Maclean’s meets the moment: Our new magazine look, explained

’In an age of distraction, a beautifully designed print magazine is a thing unto itself, a physical artifact that leans into a mandate of beauty and knowledge,’ writes Alison Uncles, editor-in-chief

This editorial appears in the redesigned September 2021 issue of Maclean’s magazine.

When we began the process to redesign our print magazine exactly a year ago, we consulted some of the best editors in the world, from The Atlantic and Vanity Fair to The New Yorker. We surveyed readers. We studied our archives. We laboured over the question: what makes a compelling, relevant current affairs magazine, circa now?

Today, we present our answer.

A pandemic, layered onto populism and protectionism and toxic politics, has re-energized readers; they want to learn, to define positions, to understand an increasingly complex world while also yearning for fun, joy and wonder.

COVER: A true story of human smuggling gone wrong

In an age of distraction, a beautifully designed print magazine is a thing unto itself, a physical artifact (we see you, NFTs!) that leans into a mandate of beauty and knowledge; ours will deliver current affairs and insight, long-form journalism and dispatches from Canada’s best writers on a range of topics from politics and public affairs to trends in technology, the arts, design and pop culture.

Our new look, masterminded by designer Una Janicijevic and Executive Editor Stephen Gregory, together with Anna Minzhulina and Lauren Cattermole, puts an increased emphasis on gorgeous photography and design while remaining true to our reputation as a readers’ magazine. Herein: tens of thousands of words, glorious all, on better-quality paper, and even more pages.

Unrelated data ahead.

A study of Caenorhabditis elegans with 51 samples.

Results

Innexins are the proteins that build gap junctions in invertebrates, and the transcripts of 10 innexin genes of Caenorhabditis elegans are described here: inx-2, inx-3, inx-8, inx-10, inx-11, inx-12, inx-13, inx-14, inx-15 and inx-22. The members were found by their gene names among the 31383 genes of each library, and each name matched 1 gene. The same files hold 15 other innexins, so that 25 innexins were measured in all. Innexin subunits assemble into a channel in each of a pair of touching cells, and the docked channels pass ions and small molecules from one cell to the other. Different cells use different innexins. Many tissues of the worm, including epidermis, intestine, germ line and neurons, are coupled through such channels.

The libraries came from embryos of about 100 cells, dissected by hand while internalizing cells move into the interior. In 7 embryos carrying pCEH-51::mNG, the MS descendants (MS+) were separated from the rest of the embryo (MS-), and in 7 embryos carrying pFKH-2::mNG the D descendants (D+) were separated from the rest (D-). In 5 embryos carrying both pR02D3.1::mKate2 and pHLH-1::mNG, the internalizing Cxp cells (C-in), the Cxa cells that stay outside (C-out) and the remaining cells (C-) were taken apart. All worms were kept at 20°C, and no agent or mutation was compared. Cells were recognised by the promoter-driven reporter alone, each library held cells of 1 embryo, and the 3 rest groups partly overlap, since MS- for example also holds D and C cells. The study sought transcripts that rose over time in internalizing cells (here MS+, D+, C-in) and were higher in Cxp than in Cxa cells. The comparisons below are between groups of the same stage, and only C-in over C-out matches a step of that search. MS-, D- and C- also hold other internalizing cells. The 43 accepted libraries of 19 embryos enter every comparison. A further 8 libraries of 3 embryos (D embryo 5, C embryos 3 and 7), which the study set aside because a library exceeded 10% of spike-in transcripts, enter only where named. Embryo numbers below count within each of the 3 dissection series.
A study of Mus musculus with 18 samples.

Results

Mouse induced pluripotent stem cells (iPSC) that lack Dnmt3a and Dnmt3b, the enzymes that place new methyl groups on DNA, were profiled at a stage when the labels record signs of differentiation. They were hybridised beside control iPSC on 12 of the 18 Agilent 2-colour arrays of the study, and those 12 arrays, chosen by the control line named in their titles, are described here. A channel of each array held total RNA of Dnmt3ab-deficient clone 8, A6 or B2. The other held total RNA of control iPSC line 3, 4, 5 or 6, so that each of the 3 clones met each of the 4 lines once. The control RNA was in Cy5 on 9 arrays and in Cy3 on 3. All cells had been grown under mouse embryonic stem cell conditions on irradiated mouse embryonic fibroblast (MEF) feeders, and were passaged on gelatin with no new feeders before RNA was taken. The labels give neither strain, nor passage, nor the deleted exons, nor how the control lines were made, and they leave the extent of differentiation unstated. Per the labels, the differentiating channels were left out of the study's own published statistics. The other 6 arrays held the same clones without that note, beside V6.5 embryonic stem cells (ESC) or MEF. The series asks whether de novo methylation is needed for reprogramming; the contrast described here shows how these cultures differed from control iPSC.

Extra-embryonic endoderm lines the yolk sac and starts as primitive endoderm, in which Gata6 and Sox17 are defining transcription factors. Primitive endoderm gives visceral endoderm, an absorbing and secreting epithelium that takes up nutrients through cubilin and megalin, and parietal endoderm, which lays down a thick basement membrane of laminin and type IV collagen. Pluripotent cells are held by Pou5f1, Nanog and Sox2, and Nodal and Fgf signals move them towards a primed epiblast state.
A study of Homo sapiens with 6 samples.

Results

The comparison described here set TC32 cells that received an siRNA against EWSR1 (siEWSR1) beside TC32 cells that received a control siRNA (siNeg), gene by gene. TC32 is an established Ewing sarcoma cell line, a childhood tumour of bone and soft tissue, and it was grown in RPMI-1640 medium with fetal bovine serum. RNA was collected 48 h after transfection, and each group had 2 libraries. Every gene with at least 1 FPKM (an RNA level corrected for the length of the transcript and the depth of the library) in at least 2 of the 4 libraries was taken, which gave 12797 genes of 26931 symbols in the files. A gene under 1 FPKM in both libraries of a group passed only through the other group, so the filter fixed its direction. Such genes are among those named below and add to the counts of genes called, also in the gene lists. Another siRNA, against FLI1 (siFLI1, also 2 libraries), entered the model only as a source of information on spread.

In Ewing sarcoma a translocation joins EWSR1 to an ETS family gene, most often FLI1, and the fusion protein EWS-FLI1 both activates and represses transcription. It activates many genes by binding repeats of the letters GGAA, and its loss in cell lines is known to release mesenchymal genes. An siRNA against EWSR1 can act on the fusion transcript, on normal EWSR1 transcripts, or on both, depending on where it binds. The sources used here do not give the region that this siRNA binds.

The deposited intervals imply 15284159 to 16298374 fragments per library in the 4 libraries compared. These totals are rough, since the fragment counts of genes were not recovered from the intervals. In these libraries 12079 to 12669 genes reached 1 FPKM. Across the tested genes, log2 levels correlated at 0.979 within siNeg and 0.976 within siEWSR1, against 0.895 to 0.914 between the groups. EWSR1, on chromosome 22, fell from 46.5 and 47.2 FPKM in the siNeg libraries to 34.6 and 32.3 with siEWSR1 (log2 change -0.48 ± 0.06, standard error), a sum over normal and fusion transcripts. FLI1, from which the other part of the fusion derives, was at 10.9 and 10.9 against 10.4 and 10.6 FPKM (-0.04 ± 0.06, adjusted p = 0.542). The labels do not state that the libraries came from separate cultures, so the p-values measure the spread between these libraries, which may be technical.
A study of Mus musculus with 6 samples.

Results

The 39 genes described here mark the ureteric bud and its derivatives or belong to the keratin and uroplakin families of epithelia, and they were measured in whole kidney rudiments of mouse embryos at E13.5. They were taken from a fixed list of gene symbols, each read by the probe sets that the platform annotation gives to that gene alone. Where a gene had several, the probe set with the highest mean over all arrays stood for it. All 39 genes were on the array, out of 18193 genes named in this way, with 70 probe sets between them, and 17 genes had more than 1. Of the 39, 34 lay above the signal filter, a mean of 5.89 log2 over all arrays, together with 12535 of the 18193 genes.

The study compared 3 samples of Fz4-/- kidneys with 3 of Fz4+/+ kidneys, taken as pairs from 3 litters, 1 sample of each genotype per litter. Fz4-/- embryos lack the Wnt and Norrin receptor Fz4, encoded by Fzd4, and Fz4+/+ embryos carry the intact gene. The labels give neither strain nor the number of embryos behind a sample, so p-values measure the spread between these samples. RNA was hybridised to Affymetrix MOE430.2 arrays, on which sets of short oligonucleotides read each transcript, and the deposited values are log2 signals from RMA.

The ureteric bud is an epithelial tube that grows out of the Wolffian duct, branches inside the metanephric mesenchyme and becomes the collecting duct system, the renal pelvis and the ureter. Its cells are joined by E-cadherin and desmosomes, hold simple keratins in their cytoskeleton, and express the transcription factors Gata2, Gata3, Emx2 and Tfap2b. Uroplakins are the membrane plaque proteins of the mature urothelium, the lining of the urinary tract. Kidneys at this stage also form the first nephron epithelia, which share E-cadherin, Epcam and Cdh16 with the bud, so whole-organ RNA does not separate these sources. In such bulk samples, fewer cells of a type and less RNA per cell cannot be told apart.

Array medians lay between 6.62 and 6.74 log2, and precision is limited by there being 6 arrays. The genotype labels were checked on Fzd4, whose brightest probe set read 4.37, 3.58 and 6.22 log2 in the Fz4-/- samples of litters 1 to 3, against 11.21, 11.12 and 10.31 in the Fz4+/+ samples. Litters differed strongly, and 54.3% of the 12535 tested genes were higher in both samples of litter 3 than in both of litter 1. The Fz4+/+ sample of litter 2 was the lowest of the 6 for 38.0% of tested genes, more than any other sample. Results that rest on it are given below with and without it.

Our playful Bearings and Ideas sections survey the country’s happenings and soar with analysis and reportage, while our longer features in the middle of the book deliver different genres of stories every month, including profiles and explanatory journalism, adventure yarns, deep dives into advances in science, forensic studies of legal cases and inspiring accounts of human trial and triumph. There are grace notes sprinkled throughout this magazine; we hope they delight.

In creating this new Maclean’s, we sought also to be true to the history of this iconic, 116-year-old magazine. I am the 19th editor-in-chief of Maclean’s; we have covered 33 federal elections; undergone untold number of redesigns (four different cover conceits in 1909 alone; see Peter C. Newman’s 1971 change); and published writing by Lucy Maud Montgomery, poetry by Robert Service and cover art by the Group of Seven when its members were up-and-comers. We have broken stories that changed the country and continue to do so; we publish the biggest modern writers in Canada, including Esi Edugyan, Don Gillmor, Waubgeshig Rice and Ian Williams.

While ambition and change drive our success, the heavy load of our reputation is made light by the simple vision of our founder, John Bayne Maclean. In his 1950 obituary in this magazine, his fellow editors wrote:

“Perhaps somewhere in this issue of the magazine that bears his name there will be a sentence or a phrase that will cause some young man or woman to believe that Canada is a better or more interesting place than he or she had realized, or that something is amiss in Canada that he or she must try to fix. Perhaps in time some small new better thing will come of that small new stirring of awareness.”

Today we are sparkling and young. And we are old. And we are proud to deliver this beautiful magazine to your door.

Perhaps, a small new stirring grows; perhaps, a small new better thing.